It is an imperfection which must necessarily attend every chart of this nature, that the time of the death but more especially the time of the birth of eminent men cannot always be found. In this case the compiler must content himself with placing his line as near as he can conjecture from history where his true place was, leaving marks to express the uncertainty there is attending it.
Priestley, Joseph. 1764. Description of a Chart of Biography. J. Johnson, London. p11.Priestley’s references to uncertainty can be seen in the copy of his Description on Google Books.
It is increasingly recognised that visualisations need to represent uncertainty effectively.
Scientific data from instruments, numerical models, or interpolation schemes almost invariably contain some degree of error or uncertainty. Display of such scientific data without uncertainty information is incomplete and may lead to erroneous conclusions. Visualization of data with uncertainty information allows more accurate and effective interpretation.
Wittenbrink, C.M., Pang, A.T. and Lodha, S.K. 1996. Glyphs for Visualizing Uncertainty in Vector Fields. IEEE Transactions on Visualization and Computer Graphics 2(3). September 1996.
Priestley, Joseph. 1765. A Chart of Biography. Photo: Stephen Boyd Davis. With the permission of Chetham's Library, Manchester.Priestley not only recognised the problem but devised an effective solution within the limits of the available technology. Minor uncertainty is expressed by a dot underneath the end of the lifeline in question. Increasing levels of uncertainty are expressed by replacing the end of the lifeline with between one and three dots. The illustration above includes three examples which are all dots.
Based on a classification of forms of uncertainty suggested by Pham, Streit and Brown (2009), I have itemised some of the uncertainties that might need to be represented in a timeline for today:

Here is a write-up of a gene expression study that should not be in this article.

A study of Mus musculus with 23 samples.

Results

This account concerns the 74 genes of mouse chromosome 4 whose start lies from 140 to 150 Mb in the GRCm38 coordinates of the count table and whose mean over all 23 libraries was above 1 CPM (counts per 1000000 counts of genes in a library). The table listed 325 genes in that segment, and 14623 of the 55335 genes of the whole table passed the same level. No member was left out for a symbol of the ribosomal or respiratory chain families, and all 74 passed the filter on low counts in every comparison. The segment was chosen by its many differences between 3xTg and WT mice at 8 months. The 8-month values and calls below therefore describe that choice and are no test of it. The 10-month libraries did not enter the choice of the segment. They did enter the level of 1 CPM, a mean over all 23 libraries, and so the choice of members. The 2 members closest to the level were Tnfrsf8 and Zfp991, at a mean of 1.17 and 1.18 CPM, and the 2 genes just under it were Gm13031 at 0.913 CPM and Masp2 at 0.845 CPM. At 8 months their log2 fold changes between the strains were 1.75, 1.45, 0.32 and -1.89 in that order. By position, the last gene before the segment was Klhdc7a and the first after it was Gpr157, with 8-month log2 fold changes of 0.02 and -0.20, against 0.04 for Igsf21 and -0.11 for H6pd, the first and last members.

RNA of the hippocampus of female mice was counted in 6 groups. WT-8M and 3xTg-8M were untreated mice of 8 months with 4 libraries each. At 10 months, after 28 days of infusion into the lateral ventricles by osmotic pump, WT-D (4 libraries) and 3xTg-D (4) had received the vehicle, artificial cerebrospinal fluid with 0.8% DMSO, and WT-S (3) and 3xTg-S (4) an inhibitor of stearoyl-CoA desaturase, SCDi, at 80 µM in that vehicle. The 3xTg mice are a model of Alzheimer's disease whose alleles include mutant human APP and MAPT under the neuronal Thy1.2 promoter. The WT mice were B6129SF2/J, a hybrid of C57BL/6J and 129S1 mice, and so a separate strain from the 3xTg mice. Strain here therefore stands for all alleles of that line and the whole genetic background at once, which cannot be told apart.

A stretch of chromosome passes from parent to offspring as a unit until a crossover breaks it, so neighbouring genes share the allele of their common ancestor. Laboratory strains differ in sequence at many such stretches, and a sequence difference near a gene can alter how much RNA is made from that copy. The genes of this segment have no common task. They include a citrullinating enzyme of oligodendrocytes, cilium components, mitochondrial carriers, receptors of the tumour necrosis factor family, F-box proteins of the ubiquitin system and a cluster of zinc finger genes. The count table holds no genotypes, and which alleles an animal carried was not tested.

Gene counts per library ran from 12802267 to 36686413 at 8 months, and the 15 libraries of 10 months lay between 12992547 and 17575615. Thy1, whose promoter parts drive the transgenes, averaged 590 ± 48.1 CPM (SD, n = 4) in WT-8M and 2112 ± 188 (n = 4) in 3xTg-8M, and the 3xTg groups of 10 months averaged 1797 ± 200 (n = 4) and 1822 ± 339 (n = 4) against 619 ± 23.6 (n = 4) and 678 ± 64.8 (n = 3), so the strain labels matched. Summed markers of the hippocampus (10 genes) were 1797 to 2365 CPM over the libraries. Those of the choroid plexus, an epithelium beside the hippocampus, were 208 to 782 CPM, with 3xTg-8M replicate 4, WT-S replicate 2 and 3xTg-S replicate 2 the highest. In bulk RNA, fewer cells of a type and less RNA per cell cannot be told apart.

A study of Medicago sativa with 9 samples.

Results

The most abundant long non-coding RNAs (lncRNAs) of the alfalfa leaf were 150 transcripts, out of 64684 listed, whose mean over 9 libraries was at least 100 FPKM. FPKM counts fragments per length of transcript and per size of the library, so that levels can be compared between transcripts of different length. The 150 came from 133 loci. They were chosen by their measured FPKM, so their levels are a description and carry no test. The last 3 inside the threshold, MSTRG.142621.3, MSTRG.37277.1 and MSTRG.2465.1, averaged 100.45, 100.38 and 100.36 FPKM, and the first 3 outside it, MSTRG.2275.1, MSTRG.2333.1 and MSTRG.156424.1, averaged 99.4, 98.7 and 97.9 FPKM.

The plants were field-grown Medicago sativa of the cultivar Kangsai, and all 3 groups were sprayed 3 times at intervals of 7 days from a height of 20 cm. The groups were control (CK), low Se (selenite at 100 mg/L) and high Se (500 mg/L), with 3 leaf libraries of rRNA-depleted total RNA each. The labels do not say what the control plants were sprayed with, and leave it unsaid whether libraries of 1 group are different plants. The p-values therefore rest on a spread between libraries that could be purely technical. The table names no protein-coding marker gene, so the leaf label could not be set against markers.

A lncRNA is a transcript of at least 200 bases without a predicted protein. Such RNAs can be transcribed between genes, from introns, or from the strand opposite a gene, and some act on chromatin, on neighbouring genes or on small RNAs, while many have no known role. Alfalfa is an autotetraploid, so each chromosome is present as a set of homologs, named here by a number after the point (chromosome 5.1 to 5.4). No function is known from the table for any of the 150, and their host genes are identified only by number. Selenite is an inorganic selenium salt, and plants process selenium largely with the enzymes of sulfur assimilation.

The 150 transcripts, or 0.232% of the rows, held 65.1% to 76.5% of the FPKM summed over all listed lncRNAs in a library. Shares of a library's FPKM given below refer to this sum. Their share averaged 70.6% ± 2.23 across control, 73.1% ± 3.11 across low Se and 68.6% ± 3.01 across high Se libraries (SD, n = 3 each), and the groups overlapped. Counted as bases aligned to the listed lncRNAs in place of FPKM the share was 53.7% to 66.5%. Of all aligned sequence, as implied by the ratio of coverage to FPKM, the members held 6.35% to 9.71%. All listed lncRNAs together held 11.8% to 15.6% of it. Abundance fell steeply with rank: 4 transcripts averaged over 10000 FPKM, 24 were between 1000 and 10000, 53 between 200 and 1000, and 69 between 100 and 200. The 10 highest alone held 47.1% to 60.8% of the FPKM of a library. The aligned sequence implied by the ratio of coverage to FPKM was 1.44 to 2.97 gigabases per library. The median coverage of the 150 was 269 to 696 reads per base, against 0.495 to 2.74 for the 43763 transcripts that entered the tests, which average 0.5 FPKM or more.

- Range of precision: might range from centuries to seconds.
- Dates which are unknown.
- Dates which are uncertain with various levels of uncertainty.
- Dates of inherently fuzzy events such as movements, trends, ‘-isms’ etc.
- Multiple sources: conflicting evidence of dates
- Multiple models: conflicting calendars (Julian, Gregorian, Islamic, Jewish, Buddhist etc).
- Membership of sets prone to views of different experts. Dispute over categories.
- Sets worthy of modelling contested (Priestley acknowledged that his set is dominated by the English and that it would have been different if designed for a different public).
- Need to be able to import existing datasets which may be inadequate in many, perhaps unpredictable, ways.
- Pham, B., Streit, A. and Brown, R. Visualisation of Information Uncertainty: Progress and Challenges. In: Zudilova-Seinstra, E., Adriaansen, T. and van Liere, R. (eds.) Trends in Interactive Visualization. Springer, London. 2009. 19-48
- Priestley, Joseph. 1764. Description of a Chart of Biography. J. Johnson, London.
- Wittenbrink, C.M., Pang, A.T. and Lodha, S.K. 1996. Glyphs for Visualizing Uncertainty in Vector Fields. IEEE Transactions on Visualization and Computer Graphics 2(3). September 1996.